I birded Rock Cut from 11:30 a.m. To 1:00 p.m. On Thursday, April 17. New arrivals were Louisiana Waterthrush (2), Blue-gray Gnatcatcher (2), and Broad-winged Hawk (1), all along the creek below the dam at Pierce Lake.

Pierce Lake still had loons(4), Horned (5) and Pied-billed (47) grebes, Double-crested Cormorants (3), and Osprey (4), plus a mixture of ducks. Fishermen flushed most of the ducks over to Olson Lake.

Great Egret, Bonaparte’s Gull at Pierce Lake- 7 Double-Crested Cormorants at Olson Lake, also 1 Lesser Yellowlegs.

Around 6:30 p.m. on Tuesday evening (tonight) Jeff Donaldson and I arrived at the Rochelle Intermodal Ponds after an unsuccessful search for a pair of Whimbrels that had been reported earlier in the afternoon near White Pines SP. Jeff was the 1st to spot a male Yellow-headed Blackbird (there were a couple of others, too). Pretty rare bird in Ogle County.

On closer fronts, Tom Little reported a Western Meadowlark at Bell Bowl, by the Rockford airport. It was still there around 11:00 today. And, Kilbuck FP was full of Hermit Thrushes and a couple of Winter Wrens at noon. No Yellow-throated Warblers or Carolina Wrens were heard or seen during my visit.

Many thanks to those that participated in this year’s Midwest Crane Count last Saturday.  Results are still coming in, but 26 signed up this year to participate!

I pinch hit this year at Pecatonica River Forest Preserve.  Weather was beautiful at 5:30am–54 degrees and calm.  I am SO glad the wind and hail didn’t arrive until a few hours later!  I heard three distinct groups of cranes calling from the observation deck, but all out of sight.  Calls were heard from the SSE, South, and Southwest, with the last group being the most distant.

Upon arrival, I was greeting by a great-horned owl and three barred owls.  Highlights were a singing winter wren at the observation deck and a singing ruby-crowned kinglet near the boat launch.

Joyce and I were joined by Kevin Kaltenbach with our winter coats for some mid-day birding at Rock Cut State Park and Bauman Park.  We found a total of 47 species in about 3 hours.  Notable observations were 4 loons – one at Bauman and the rest at Rock Cut, 6 Horned Grebes,  about 75 Pied-billed Grebes, 2 Buffleheads, 1 Sharp-Shinned Hawk, 1 Osprey (near nest platform), rafts of Coots, Killdeer, many Yellow-Shafted Flickers, 1 Eastern Phoebe, Many Tree Swallows, 5 Brown Creepers, 2 Eastern Bluebirds, 1 Ruby-crowned Kinglet, about 15 Yellow-Rumped Warblers, 2 Tree Sparrows, 2 Field Sparrows, 1 White-Throated Sparrow  and 5 Song Sparrows.  Blowing snow, cold temperatures, and north winds didn’t help the birding.

Jack Armstrong

This morning, I checked several Winnebago County spots for shorebirds. Oliver Road had both species of yellowlegs (small numbers) and 2 Wilson’s Snipe. Ferguson Forest Preserve had 4 Greater and 13 Lesser Yellowlegs, 5 Pectoral Sandpipers, and 3 Wilson’s Snipe.

Ferguson still has a lot of water in the marsh, but the levels are dropping. Most of the ducks today were puddle ducks, with fewer than 10 Ring-necked, only a pair of Lesser Scaup, and 6 Hooded Mergansers (all hens).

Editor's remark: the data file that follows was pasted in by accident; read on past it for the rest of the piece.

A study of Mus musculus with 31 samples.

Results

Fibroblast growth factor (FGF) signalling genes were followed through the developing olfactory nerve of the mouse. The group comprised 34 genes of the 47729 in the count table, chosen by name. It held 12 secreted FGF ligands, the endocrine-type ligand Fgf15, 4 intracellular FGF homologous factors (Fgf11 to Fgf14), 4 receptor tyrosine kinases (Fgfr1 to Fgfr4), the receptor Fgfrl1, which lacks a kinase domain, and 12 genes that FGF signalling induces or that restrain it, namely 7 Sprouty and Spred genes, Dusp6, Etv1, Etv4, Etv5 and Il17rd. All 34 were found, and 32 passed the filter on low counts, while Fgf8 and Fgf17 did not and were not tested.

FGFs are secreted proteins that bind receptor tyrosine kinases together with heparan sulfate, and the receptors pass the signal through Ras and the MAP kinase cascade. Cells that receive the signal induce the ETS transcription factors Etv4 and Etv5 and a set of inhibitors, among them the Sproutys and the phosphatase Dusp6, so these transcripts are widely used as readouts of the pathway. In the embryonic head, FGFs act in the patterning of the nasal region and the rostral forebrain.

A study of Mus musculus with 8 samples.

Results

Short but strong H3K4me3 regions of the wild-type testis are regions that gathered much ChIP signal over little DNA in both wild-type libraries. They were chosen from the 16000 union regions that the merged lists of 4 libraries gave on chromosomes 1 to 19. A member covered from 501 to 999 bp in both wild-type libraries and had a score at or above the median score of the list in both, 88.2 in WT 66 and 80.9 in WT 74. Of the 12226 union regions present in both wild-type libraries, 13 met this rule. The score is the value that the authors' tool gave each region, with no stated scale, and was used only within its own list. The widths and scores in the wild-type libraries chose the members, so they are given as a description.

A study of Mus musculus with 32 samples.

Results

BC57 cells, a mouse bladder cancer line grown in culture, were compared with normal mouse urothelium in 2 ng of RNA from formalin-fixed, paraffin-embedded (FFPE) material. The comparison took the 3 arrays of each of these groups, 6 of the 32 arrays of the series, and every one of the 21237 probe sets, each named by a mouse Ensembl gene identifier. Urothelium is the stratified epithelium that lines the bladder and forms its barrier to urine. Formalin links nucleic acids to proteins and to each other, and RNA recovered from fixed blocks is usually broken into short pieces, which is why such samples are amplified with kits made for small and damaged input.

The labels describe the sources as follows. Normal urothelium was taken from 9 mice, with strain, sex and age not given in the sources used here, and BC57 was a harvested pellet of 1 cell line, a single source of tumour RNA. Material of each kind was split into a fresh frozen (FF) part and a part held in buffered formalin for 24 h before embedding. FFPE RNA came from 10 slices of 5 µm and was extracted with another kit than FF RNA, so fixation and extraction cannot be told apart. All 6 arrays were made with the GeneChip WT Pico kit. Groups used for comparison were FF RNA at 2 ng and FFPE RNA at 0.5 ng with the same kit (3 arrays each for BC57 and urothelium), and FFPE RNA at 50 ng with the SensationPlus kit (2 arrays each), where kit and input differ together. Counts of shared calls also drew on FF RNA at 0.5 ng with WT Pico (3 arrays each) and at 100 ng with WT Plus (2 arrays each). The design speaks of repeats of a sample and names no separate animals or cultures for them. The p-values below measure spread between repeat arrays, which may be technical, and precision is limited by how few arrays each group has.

Rusty Blackbirds are in small numbers at all of the swamps where I stopped: Oliver Road, Ferguson, Meridian Road north of the Pec River (on the east side) and the loop area at Sugar River FP.

30 Lapland Longspurs were along the roadside at Knapp & Eddie Roads.

Joyce and I found 2 pair of sandhill cranes on Sat. morning at Lou Cambier’s.  We also had a Brown Thrasher, Sora Rail, many Song Sparrows, Tree Sparrows, Juncos, Red-Tailed Hawk, Mallards, Winnowing Snipe and others.  It was probably the warmest count day we have ever had.

Jack Armstrong

Barbara and I participated in the annual Sandhill Crane count this morning. Our patch was at the ICF Torstenson property at the end of Wiegert Road. We counted 7 cranes, including 2 pairs that were unison calling, and we also recorded several new spring arrivals, at least for us. We had a singing Brown Thrasher, a nice male Eastern Towhee, and our first Ruby-crowned Kinglet. Other birds of note were Pileated and Red-headed woodpeckers, 2 Sharp-shinned Hawks, 2 Northern Harriers, and a lot of winnowing Wilson’s Snipe. We made it home just before the thunderstorm with a load of hail arrived.

While working in the yard this morning, I heard the song of a Northern Parula. Fortunately, my binoculars were close and I was able to see it, a beautiful male, in a tree nearby. Not long afterward, I heard and saw a Chipping Sparrow on the garden fence, and a Vesper Sparrow was calling from the oak tree near the garden. It looks like last night was a good one for migrants. I wouldn’t be surprised if Winter Wren, Hermit Thrush, Yellow-rumped and Pine Warblers are being seen across northern IL today.

Later, a Pileated Woodpecker called from the area of Kent Creek in Anna Page Park, just north of our house.  At 1:00 p.m., Barbara heard it, then saw it fly into the trees behind our house.  It is a male and is working the Black Cherry trees, particularly the dead trunks, looking for food.  I can see him as I type this.  Nice!

Yesterday, Barbara and I checked Lake Summerset for waterfowl. Highlights were 5 Common Loons, 2 Horned Grebes in alternate plumage, and a Red-breasted Merganser. Else, the lake was pretty quiet, and no gulls were visible.

Following Lake Summerset, we drove over to the Ridott oxbows. A Eurasian Collared-dove flew over as we drove through the town. The oxbows had a lot of puddle ducks and a few divin gducks-Redhead, L. Scaup and Ring-necked. No shorebirds there except Killdeer was disappointing. With all of the reports of shorebirds down at Emiquon, I expected a few species to be around.

At Howard’s farm on IL 70, one Greater Yellowlegs was feeding in the ditch visible from the red gate and 4 Wilson’s Snipe flew in and landed in the grasses nearby the ditch.